NY futures ended the week slightly higher after a roller-coaster ride, with July gaining 27 points to close at 79.18 cents.
After the market had been on the defensive for most of the week, July suddenly found new vigor today and posted its strongest performance of the year. Volume was massive with over 67,000 futures and 13,000 options traded, which puts some emphasis behind this powerful move!
Since last Friday open interest in July dropped by 1.04 million bales to 13.14 million bales and momentum had turned negative as some speculators were apparently leaving the game. But friendly WASDE and export sales numbers coupled with July’s ability to hold above the long-term uptrend line turned the market on its head today.
Yesterday’s WASDE report showed a clear delineation between bullish current crop statistics and a bearish new crop outlook. After another strong export sales report this morning the market finally acted on these scenarios by pushing the July/Dec inversion out another 249 points to a closing value of 665 points.
The USDA increased current crop exports from 14.0 to 14.5 million bales and dropped US ending stocks from 3.7 to just 3.2 million bales, which is not far above the minimum needed to supply domestic and foreign commitments during the August to October time frame.
The 2017/18-estimate on the other hand showed a 7.34 million bales increase in global production to 113.22 million bales, which would be only slightly less than the 115.75 million bales in mill use. Globally there would still be a small production deficit of around 2.5 million bales, which is the result of a ROW surplus of 11.5 million bales and a deficit in China of 14.0 million bales.
Since China will continue to destock its strategic reserve next season, about 9.0 million bales of this production shortfall might get supplied from reserve stocks and only 5.0 million bales from imports. This would result in a sharp increase in ROW ending stocks from currently 40.8 to 47.5 million bales, which is where the bearish argument for new crop comes from.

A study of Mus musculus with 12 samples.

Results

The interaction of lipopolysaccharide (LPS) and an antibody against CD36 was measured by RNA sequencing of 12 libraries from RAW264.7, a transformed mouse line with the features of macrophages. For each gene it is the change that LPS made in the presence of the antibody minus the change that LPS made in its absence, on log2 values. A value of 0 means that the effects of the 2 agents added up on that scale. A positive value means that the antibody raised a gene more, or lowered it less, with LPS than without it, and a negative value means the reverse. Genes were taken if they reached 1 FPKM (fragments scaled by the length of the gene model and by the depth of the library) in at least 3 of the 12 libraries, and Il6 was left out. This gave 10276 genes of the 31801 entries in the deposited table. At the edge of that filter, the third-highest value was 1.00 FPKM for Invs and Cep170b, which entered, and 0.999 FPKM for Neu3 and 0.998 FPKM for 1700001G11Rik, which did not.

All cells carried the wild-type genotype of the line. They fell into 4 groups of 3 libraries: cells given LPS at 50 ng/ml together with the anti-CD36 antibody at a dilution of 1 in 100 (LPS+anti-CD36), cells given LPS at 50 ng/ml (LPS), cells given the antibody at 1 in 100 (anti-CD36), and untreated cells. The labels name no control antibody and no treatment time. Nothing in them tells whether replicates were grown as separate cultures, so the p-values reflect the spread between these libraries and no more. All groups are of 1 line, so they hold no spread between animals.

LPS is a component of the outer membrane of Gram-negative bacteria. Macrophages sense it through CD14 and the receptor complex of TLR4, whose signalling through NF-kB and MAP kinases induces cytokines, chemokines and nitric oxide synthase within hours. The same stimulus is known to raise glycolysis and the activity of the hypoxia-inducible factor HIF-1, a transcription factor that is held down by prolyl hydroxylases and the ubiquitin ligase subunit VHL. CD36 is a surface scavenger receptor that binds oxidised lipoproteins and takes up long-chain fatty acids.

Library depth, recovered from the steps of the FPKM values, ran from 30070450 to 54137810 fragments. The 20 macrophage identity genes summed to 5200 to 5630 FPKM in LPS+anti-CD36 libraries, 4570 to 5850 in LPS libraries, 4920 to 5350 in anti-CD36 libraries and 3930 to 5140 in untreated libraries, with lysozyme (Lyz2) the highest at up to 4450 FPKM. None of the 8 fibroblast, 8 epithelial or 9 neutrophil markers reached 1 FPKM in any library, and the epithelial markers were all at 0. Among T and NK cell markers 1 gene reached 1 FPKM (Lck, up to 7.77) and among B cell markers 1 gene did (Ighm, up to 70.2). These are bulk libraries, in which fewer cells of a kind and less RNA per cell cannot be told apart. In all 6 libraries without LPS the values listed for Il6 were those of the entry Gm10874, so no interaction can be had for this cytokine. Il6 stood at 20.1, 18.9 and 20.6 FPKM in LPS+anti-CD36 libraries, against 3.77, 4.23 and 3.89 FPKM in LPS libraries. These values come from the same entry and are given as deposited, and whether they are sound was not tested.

However, all this needs time to play out! So far these are just projections and there is still a lot of weather to negotiate before these crops become reality. Furthermore, if prices were to fall as precipitously as some analysts in the US predict, then China might import a lot more cotton than just 5.0 million bales next season, which would alter the scenario. However, we believe it is fair to say that new crop prices are more likely to see some price pressure over the coming months than the reverse, but to throw price targets in the mid-to-high 50s out there is premature in our opinion, especially when it comes to the December contract!
US export sales remained strong as merchants and coops are trying to empty their warehouses, with a combined 323,800 running bales of Upland and Pima cotton finding buyers in 19 markets. Shipments were excellent as well as 428,400 running bales were exported to 25 destinations. Total commitments are now at 14.55 million statistical bales, of which 11.0 million bales have already been exported. Sales for August onward shipments, which are to a large degree supplied from existing stocks, have already reached 2.6 million statistical bales.
After the close the CFTC released the latest “on-call report”, which showed that as of last Friday there were still 4.62 million bales unfixed on July, which was up 83,100 bales from the week before. This number has probably been reduced slightly during the first three days of this week, but nevertheless remains alarmingly high! On-call sales for new crop increased by 322,100 bales last week and amounted to 6.7 million bales for December and later months.
So where do we go from here? Today’s powerful move in July was a wake-up call for the many trade shorts that still remain in the game. It has also put any further spec long liquidation on hold for now and we may actually see some specs come back into the market based on this performance.
With the inversion to December widening, speculators should now feel comfortable riding this thing out. July is taking on a life of its own and there is no telling where this story is going to end, but the shorts are living dangerously and may get trapped. If there is some follow-through buying and July makes new highs (March 6 high is 80.27), then a move into the mid-80s becomes possible in our opinion.
New crop is now clearly divorcing itself from the July game, but with the pipeline empty by the end of the summer December becomes a difficult month to trade. On the one hand the new crop outlook will weigh on it, but on the other hand there is support from early new crop demand and the 3.1 million bales in unfixed on-call sales. As mentioned before, we feel that it makes more sense to use the March contract to bet on a bearish new crop scenario!